Movie Rated: 18+
Genre: Crime, Thriller
What’s The Story About?
Directed by Patryk Vega, The Plagues Of Breslau follows the journey of a Polish police officer, Helena, who discovers a dead body sewn in a cowhide. And before she knows it, there’s a serial killer on the loose in Wroclaw. To assist her in her investigation, another police officer, Iwona is assigned to the same case. The rest of the story is about how the duo figure out that the serial killer is trying to recreate an 18th-century style of punishing people.
The film completely belongs to its lead actors, Malgorzata Kozuchowska (Helena Rus) and Daria Widawska (Iwona Bogacka), who bring a sense of realism and gritty style to the whole film. Right from the first frame, we see Helena as someone, who’s tormented by her past and even when she’s doing her duty, Helena is so methodical that she makes her work seem like child’s play. In the story, when she unearths key details about how the first murder was committed, you get a sense of how serious she is about her work. However, when she meets Iwona, she’s so overwhelmed that she lets Iwona walk her through the investigation and connect the dots. In fact, Iwona comes across as the smartest person in the room.
A major theme in the film is that of vigilantism and director Patryk Vega strikes a great balance between the personal motive of the serial killer and the history of the city of Wroclaw. A similar trope, where people are punished for their deadly sins, has been used in films like Se7en, and The Plagues of Breslau too tries to recreate a similar effect. Each victim is punished for a certain crime and the serial-killer sends a message that their past sins will always catch up with those who don’t protect the innocent. The best part of the film is that it’s relentless and the big twist in the story genuinely takes you by surprise. Even though it turns into a generic crime-thriller towards the end, The Plagues of Breslau is surprisingly engrossing and gives the audience plenty of reasons to empathise with the two key characters in the story.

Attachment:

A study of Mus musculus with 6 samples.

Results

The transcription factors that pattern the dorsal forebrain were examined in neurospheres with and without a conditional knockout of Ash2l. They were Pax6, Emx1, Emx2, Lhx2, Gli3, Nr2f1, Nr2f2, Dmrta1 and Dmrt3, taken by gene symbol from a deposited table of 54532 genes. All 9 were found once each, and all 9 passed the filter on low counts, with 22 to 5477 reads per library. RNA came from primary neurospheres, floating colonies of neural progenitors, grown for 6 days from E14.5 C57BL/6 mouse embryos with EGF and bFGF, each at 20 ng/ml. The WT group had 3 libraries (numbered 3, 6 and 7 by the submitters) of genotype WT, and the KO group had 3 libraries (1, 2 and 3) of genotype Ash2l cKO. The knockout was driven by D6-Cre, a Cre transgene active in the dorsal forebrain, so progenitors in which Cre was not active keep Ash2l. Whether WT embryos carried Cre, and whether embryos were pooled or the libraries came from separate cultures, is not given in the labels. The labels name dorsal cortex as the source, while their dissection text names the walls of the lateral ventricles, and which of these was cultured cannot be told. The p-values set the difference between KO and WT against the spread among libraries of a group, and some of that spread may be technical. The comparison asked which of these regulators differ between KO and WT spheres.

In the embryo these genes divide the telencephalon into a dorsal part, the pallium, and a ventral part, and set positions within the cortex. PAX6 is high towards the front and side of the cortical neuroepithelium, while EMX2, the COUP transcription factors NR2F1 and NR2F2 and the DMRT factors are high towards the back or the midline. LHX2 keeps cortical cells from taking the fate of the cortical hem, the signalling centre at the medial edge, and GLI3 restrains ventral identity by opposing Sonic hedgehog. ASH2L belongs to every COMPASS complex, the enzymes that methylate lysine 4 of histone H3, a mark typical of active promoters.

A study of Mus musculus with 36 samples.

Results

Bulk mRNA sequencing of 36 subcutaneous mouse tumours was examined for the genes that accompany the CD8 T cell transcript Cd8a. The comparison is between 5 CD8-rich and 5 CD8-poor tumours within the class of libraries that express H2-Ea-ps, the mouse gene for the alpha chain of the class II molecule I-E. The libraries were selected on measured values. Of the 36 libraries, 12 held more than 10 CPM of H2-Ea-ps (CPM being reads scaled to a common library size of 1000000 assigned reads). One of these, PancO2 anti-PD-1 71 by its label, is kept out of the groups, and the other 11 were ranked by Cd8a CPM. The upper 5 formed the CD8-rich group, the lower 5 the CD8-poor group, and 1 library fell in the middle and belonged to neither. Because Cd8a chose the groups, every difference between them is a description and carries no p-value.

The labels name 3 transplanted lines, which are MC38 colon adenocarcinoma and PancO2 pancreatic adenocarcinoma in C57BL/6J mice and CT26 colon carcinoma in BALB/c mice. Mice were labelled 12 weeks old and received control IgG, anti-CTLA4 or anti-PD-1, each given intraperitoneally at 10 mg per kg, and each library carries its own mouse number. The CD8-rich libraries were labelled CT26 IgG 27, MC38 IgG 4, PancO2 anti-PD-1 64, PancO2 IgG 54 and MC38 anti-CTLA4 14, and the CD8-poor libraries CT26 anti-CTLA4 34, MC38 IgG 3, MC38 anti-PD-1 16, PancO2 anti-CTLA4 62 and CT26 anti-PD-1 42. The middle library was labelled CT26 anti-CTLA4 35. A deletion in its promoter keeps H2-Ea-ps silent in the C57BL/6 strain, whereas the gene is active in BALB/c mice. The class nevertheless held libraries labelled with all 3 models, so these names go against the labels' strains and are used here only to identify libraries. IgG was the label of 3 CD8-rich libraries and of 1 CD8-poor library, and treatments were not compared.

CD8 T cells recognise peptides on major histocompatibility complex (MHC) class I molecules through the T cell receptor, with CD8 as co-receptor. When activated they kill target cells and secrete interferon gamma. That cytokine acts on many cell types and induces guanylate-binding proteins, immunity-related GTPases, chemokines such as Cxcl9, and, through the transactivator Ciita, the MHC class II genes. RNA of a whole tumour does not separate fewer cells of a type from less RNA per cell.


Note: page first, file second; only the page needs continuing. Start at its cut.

Music and other departments:
The film focuses quite a lot on the gruesome killings of several people, and cinematographer Miroslaw Brozek focuses on the intricate details, right from how the people were killed to how their autopsy is done. This, in turn, adds to the grim and tense quality that the film aims for right from the beginning. Tomasz Widarski’s editing is top-notch and Lukasz Targosz’s music is pulsating throughout the film.
Apart from the performances of its two lead actors, the film’s screenplay is quite gripping and there are hardly any moments in the story which seem out of place. The big twist in the story is wonderfully woven in the script and director Patryk Vega pulls it off quite well.
After connecting the gruesome killings with a historical incident in the city, the film does leave you underwhelmed, especially in terms with how it connects the serial killer’s backstory with the killings. It’s sentimental, but the film merely glosses over the facts rather than showing the pain and suffering that the serial killer might have gone through in the past. This changes the texture of the story in its final act, although Patryk Vega springs a surprise by delivering another major twist when you least expect it.
Do I Recommend It?
If you have a penchant for crime-thrillers, The Plagues of Breslau is worth a watch. It might not take your breath away, but it’s surprisingly good and keeps you engaged until the end.